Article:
APHA hosted the 8th annual modelling symposium at its headquarters in Weybridge in February 2018. The aim of the symposium is to spread knowledge and encourage communication between modellers and policy makers.

Nigel Gibbens speaking to a room of people. Large screen at the front of the room depicts his name.
Nigel Gibbens, former Defra Chief Veterinary Officer

Nigel Gibbens, former Defra Chief Veterinary Officer, introduced the day and outlined his objective for the attendees to learn to improve the effectiveness of modelling projects by following good practice examples presented by the speakers.

This year’s theme was ‘using models to evaluate policies and intervention strategies’.

More than 70 people from government and academia were brought together to discuss key areas where mathematical models had been used to help design government policy in health related areas.

Policy cycle diagram entitled, 'Modelling for policy good practice (3).' It reads, 'The Policy Feedback Loop of modelling for policy and its strategies. 1) initial policy call 2) identifying the questions (to be modelled) 3) model design and parameterisation 4) initial outputs, policy discussion and increased data availability 5) model outputs 6) translation into policy.
Policy cycle

'Big data' and the benefits of talking

Rowland Kao speaking to a room of people and standing next to a large presentation screen.
Rowland Kao, University of Edinburgh

Keynote speaker, Rowland Kao, from the University of Edinburgh, opened the symposium talking about how 'big data' can be used to inform complex models using bovine tuberculosis (TB) as an example.

He stressed when building models of complicated systems, such as livestock health controls, it is very important to create a team that really understands how the system works so the results of the model can be fully understood.

APHA’s Colin Birch expanded on the topic, covering the different types of mathematical models and how important it is to set an initial question that a mathematical model needs to answer, using foot and mouth disease and bovine TB as examples. Colin indicated that by being clear on the point of a model it is easier to pick the most appropriate modelling method.

Adam Klecskowski from the University of Stirling, talked about a decision support tool that was developed for the Forestry Commission to help them assess the risk of tree pests and pathogens to the UK. By finding out from those wanting to use the tool what they wanted to use it for, he was able to develop a single tool that was widely applicable in a number of different situations, rather than them needing to use several different tools.

Sharing expertise

Kyriaki Giorgakoudi and Helen Roberts speaking to a room of people.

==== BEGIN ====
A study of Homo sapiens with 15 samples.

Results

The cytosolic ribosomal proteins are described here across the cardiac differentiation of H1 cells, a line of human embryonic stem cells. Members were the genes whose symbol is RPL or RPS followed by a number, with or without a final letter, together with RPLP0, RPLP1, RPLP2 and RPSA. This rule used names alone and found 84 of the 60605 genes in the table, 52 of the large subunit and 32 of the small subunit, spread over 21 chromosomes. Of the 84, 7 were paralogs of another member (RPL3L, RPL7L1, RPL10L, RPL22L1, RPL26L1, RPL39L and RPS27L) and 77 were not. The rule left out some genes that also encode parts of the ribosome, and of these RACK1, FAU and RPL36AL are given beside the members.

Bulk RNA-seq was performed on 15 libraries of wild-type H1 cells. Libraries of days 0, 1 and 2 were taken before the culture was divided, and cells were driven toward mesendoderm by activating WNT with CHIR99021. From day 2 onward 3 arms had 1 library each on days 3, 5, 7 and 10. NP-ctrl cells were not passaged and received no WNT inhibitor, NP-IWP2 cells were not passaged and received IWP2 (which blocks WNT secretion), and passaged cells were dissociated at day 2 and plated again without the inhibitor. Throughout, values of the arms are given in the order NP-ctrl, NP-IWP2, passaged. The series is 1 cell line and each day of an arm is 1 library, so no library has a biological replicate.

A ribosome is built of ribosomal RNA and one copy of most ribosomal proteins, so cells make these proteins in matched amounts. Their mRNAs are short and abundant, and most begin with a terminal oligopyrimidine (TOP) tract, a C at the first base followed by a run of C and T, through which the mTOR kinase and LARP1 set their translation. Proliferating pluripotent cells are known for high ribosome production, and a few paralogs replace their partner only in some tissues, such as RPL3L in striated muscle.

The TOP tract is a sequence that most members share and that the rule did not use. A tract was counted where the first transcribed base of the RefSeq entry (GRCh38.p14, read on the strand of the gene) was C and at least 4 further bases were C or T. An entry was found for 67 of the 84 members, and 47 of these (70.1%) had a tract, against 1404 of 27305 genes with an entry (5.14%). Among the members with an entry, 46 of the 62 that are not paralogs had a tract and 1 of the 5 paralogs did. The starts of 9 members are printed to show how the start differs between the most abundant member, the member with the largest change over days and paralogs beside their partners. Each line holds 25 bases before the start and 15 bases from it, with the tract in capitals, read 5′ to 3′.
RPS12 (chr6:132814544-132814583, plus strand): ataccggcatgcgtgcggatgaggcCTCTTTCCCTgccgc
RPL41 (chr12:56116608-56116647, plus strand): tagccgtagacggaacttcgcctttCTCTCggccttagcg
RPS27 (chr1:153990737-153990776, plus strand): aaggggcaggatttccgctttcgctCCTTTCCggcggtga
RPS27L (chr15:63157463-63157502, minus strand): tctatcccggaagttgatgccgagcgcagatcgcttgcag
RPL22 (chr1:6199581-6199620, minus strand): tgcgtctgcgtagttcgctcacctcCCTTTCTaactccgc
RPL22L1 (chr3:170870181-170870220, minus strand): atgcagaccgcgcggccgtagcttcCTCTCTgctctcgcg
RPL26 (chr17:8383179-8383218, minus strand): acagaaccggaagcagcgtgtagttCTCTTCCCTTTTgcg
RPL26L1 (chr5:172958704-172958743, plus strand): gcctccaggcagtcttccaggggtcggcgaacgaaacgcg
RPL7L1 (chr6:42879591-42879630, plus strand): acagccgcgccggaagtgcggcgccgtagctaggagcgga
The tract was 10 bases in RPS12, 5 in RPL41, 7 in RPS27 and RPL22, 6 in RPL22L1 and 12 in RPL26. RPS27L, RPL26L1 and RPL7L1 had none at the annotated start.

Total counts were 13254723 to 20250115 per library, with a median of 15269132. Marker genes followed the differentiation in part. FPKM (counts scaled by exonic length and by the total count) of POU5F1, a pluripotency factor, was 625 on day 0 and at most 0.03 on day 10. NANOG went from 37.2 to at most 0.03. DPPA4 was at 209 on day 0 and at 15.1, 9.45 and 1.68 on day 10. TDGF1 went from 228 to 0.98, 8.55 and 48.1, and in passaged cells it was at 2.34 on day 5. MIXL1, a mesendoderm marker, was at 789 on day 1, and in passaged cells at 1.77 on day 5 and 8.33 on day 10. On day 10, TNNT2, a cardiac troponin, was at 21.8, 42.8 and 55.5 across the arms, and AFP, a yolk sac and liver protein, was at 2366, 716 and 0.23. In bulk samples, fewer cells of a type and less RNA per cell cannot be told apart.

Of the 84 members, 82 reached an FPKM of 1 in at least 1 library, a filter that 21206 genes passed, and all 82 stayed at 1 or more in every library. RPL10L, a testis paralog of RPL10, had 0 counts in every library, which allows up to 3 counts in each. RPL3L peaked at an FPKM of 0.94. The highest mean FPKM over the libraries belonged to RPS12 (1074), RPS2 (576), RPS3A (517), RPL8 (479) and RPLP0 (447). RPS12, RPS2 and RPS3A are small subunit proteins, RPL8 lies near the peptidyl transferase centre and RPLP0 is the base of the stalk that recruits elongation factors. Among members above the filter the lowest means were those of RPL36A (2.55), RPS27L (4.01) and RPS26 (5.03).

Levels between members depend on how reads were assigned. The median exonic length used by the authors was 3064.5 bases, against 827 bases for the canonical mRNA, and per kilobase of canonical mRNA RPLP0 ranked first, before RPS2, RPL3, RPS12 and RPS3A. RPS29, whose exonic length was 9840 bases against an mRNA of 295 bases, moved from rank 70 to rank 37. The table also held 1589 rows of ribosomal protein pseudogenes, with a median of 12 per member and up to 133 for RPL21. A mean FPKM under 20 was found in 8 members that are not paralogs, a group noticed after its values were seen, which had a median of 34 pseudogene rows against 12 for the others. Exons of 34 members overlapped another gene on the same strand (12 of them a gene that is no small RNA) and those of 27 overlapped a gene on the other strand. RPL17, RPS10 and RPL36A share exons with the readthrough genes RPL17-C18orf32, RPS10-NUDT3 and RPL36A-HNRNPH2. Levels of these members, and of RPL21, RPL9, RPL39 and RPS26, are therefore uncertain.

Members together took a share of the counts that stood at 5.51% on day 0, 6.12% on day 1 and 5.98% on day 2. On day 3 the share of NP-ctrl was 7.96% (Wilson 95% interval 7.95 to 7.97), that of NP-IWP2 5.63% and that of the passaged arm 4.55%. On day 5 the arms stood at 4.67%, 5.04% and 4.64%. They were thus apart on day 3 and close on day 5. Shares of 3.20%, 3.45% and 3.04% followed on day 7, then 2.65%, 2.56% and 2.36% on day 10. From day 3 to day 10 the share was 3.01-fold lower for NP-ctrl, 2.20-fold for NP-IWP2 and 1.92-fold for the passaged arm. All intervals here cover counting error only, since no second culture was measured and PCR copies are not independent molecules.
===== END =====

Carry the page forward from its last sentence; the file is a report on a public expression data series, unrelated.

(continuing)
Kyriaki Giorgakoudi and Helen Roberts

Having looked at both plant and animal health in previous presentations, Kyriaki Giorgakoudi then demonstrated use of an economic cost-benefit model to evaluate different components of vaccination campaigns in a public health example.

Group B streptococcus (GBS) can cause serious disease in new-born babies, and using a mathematical model that includes all the criteria involved in assessing vaccines, this work concluded that maternal immunisation could be a cost effective intervention to reduce infant disease for GBS.

Kyriaki’s invitation to the event was brought about through her involvement in the Royal Society pairing scheme which brings together policy makers and scientists to share knowledge and experience. Kyriaki was paired with APHA’s Helen Roberts who chaired the session.

Using models effectively

Aaron Reeves from SRUC (Scotland’s Rural College) outlined some advice for ensuring models can be used effectively over a long period of time for policy purposes, covering transparency, traceability and reproducibility. He indicated that by following this advice, everyone will understand exactly how the model works, they can see what changes have been made and when, and the model will be able to reproduce the results of previous analysis.

Amie Adkin explained some of the benefits of maintaining, updating and using the same model over a number of years, using a model that was first built 14 years ago for monitoring trends in bovine spongiform encephalopathy (BSE). The results produced have built a picture over time of the changing risk from infection entering the food chain. Most of the changes can be mapped back to points where there were changes in the process for monitoring infection in animals.

Q & A session

The meeting was brought to a close by APHA’s Helen Roberts in an interesting final question and answer session for the audience to all the speakers. The main discussion point was on how resilience should be developed to ensure that modellers and policy makers have the skills to continue making the best use of models.

The symposium stimulated lots of interesting debate and discussion points. Please feel free to leave comments in the comment box if you were there and enjoyed the event, or if you have any questions on how modelling can contribute to research and society.